New Puppy Checklist 

Congratulations on your new puppy! After many meetups with potential and legitimate dog breeders, you are finally just days away from bringing home your new four-legged friend. But while this is an exciting time for you, it probably is also an overwhelming one. After all, you need to make sure you are well prepared for the arrival of your pooch. To help lighten your load a bit, below is a checklist of the supplies you will have to purchase for your furry pal.


#1 Food and Treats


It is advised that you continue to feed your new puppy the same food it has been used to eating when you bring it home. This is to avoid giving it an upset stomach. Once your pooch has settled in, you can start introducing it to your preferred diet. The best food to feed it is a high-quality commercial kibble, as it contains all the nutrients your pup needs for growth and development. You may also ask your veterinarian what the best food option is for your puppy. They will be able to recommend age- and breed-specific formulas that are nutritionally complete and balanced.


Treats play an important role in training a puppy. However, they should not make up more than 10% of your new best friend’s overall diet. If the treat package does not indicate the number of calories per cup, ask your vet what your pooch’s total daily caloric intake should be. This way, you will be able to figure out how many treats you can give your pup each day.


#2 Feeding Bowls


Your puppy will need separate bowls for its food and water. These come in varying materials, sizes, shapes, colours, and price ranges, making choosing one very convenient. Two of the widely available options are those made of plastic and stainless steel.


What’s great about plastic food and water bowls is they are very affordable. However, they can easily be scratched and chewed, leaving room for bacteria to grow. Furthermore, some dog breeds tend to develop an allergy to plastic, resulting in mild skin irritation.


If you are looking for a bowl that can withstand the test of time, food and water bowls made of stainless steel are an excellent choice. Not only are they durable but also easy to clean.


#3 Collar, Harness, and Leash


No matter what breed your puppy is, it still needs to be walked and trained. A collar, harness, and leash will all help ensure that your pooch stays protected and under control when in a public place.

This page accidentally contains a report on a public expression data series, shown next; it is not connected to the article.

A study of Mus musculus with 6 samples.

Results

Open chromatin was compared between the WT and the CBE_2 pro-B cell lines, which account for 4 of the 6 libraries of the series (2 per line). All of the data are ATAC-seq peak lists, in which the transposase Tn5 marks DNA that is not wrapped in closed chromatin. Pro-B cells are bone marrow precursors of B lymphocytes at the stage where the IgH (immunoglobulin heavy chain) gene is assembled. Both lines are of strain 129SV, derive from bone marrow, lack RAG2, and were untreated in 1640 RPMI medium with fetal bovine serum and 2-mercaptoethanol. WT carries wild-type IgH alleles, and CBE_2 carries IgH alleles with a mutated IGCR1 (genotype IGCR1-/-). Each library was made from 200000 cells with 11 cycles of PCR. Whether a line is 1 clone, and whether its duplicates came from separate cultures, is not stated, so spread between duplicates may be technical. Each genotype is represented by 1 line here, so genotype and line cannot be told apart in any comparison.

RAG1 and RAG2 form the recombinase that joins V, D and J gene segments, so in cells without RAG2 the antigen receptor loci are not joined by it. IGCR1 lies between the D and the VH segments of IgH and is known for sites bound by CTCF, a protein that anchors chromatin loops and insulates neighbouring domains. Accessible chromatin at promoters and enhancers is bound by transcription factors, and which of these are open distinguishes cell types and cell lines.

A good collar should have a name tag and be easy to slip on and off. Meanwhile, an ideal harness should be front-attaching to avoid pulling and should fasten securely around your pooch’s body. Finally, a suitable leash should be strong but still be able to provide your puppy with freedom of movement.


#4 Bedding


Many pet parents love to snuggle with their furball in their beds. However, doing so may result in their puppy’s poor night’s rest. This is why it is recommended that you give your pooch its own sleeping spot. Providing it with a bedding will make it feel comfortable and generally better.


When choosing a bedding, make sure it is the right size for your four-legged friend to lay flat and be completely stretched out. Bear in mind, as well, that your pooch will eventually grow, so you should also consider an adult-size bed.


#5 Puppy Shampoo


While some puppies require less washing than others, they will still need to be bathed every once in a while or when they get dirty or stinky. This is why you need to pick a shampoo that is specifically designed for them. Never let your furball use a human shampoo, as it contains harsh ingredients and has a different skin pH to canines. Also, choose a dog shampoo that is gentle so as to add moisture back to your puppy’s coat.


#6 Brush and Nail Clippers


Regardless of the length of your puppy’s coat, it will still need to be brushed or combed regularly. There are many types of dog brushes designed for different purposes. Rubber brushes, for instance, are suitable for breeds that have short hair or shed a lot. Slicker brushes, on the other hand, are recommended for pooches that have longer hair that tend to get knotted or tangled.


You will find multiple styles of nail clippers in pet stores and vet clinics. Scissor clippers are suitable for large breeds with thick nails, while grinding tools are advised for puppies that cannot tolerate nail clippers.